Florida now has the lowest number of COVID cases among the 50 United States of America, based on daily averages.
The Sunshine State is currently averaging 1,700 new cases daily, or approximately 8 cases for every 100,000 Floridians. The only other state in the union to have single digits per 100,000 residents is Hawaii.
Many who have watched the most recent numbers of COVID infections and hospitalizations and deaths related to the virus in Florida are very surprised, especially when you consider that in mid-August, a little over 2 months ago, the state saw an average of 25,000 new cases every day of the week. That’s about 116 cases per 100,000 residents.
In just over two months’ time, daily averages in Florida have dipped a remarkable 90%. The state of California, which has arguably the most stringent mask and vaccine requirements of these 50 states, sits at a daily average of more than twice Florida’s, and the daily average of new cases in Florida is less than a quarter of the daily average of new cases in Vermont, the state that boasts the highest number of vacated residents by percentages.
These are positive things for Florida, and they signal the beginning of two things: first, the mud-slinging across the party lines and politicizing of the virus, its spread, how to handle the spread, and what role the government is Constitutionally capable of playing in individual’s choices about wearing masks and getting the vaccine, and second, a talk about what these improved COVID case numbers might mean for crowds at Walt Disney World this holiday season.
We already know that Disney’s new Annual Passholder program that debuted in early September will play a role in attendance numbers at the parks. At the end of last week, almost all spots for New Year’s Eve in the parks were already booked, and Christmas Day was in 2nd place.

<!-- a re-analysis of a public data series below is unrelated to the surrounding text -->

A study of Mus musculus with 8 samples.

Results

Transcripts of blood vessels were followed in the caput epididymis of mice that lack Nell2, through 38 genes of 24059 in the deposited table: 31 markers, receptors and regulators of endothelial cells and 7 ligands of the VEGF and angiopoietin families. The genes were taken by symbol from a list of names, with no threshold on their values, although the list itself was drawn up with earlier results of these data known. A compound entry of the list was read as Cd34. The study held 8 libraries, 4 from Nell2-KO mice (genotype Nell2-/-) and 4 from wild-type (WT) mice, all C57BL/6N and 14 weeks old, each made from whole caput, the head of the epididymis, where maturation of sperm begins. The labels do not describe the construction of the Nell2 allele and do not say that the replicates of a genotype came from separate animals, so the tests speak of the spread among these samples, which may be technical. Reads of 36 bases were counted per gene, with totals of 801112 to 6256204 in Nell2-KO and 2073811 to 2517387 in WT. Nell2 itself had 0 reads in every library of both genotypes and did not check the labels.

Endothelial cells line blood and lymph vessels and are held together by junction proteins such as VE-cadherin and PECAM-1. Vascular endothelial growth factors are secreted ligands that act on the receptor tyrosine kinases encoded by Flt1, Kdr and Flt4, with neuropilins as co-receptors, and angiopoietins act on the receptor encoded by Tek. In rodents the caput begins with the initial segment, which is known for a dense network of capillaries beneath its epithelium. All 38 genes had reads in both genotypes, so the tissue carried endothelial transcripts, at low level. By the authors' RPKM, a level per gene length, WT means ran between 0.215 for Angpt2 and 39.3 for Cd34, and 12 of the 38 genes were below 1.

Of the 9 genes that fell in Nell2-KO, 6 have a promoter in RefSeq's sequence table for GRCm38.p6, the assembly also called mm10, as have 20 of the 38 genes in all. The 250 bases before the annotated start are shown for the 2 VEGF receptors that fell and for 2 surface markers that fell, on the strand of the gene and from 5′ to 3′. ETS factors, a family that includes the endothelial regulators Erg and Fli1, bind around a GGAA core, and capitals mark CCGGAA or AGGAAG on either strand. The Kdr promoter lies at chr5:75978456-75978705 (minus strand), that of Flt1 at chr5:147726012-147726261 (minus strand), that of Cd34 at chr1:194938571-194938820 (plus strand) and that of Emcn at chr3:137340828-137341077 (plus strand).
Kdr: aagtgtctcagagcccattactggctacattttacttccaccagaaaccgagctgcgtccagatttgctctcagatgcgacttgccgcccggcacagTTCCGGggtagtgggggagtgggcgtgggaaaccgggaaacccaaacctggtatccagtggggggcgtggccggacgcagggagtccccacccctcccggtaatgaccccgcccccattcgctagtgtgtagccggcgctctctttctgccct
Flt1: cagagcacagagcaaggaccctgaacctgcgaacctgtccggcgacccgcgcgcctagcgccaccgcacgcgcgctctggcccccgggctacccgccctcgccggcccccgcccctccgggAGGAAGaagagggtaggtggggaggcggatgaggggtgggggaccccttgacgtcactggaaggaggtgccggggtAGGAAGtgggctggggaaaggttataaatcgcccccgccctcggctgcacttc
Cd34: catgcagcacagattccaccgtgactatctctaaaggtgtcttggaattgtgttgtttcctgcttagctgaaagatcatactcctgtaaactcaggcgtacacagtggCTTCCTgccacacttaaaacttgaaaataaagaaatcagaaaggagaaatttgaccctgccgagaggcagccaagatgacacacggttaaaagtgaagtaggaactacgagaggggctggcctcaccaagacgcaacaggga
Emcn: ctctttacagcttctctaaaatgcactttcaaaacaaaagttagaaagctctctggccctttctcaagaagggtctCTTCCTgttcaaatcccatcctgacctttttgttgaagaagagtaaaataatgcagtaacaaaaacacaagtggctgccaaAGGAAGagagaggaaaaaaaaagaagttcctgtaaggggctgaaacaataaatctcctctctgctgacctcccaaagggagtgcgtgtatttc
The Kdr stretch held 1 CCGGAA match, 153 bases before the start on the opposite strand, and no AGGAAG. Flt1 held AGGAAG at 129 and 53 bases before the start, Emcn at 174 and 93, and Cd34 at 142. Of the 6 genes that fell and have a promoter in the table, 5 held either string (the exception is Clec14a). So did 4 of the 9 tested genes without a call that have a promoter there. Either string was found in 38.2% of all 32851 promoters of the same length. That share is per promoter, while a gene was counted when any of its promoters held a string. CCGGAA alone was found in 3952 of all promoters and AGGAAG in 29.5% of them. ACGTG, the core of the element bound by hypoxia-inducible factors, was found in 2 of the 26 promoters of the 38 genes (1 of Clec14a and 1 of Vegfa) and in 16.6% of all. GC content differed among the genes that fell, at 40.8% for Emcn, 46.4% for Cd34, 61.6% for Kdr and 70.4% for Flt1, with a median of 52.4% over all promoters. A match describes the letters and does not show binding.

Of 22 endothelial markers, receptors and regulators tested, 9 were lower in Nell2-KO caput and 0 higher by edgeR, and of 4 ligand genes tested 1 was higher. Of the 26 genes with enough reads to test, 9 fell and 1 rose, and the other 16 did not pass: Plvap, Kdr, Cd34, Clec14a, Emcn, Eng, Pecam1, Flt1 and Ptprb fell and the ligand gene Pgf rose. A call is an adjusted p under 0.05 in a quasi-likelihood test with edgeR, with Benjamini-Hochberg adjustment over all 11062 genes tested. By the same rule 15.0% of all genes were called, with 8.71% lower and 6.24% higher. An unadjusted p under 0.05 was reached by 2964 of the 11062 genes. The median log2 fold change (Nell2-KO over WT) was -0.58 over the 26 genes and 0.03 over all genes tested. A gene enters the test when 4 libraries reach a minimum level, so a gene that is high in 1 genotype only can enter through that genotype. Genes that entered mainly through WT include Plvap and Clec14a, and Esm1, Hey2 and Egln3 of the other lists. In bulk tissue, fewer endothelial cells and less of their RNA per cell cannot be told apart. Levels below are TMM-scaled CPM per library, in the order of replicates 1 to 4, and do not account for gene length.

We’re far enough along in the pandemic to know that a rise in cases comes in waves–numbers rise; then they peak, and then they recede, and that’s been the case for a while now. What we don’t know is the timeline: when will the next significant rise in cases come?
We’re not entirely convinced that a rise or a recession in the number of COVID cases will necessarily encourage fans to head to the parks for the holidays. Then again, we aren’t entirely convinced that the lower number of cases will preclude fans from coming.
Most Americans feels adamantly one way or the other about the virus, and you can bet that anti-maskers and anti-vaxxers won’t let some numbers–large or small–on a CDC press release dictate to them what they will and won’t do with their holiday season.
And in the same respect, those who won’t leave home without a mask–if they leave home at all–will most likely not be swayed by the aforementioned numbers either.
Has the pandemic sullied your plans for a trip to Disney World? Or do you ignore the numbers for the most part and continue with your life? Let us know in the comments!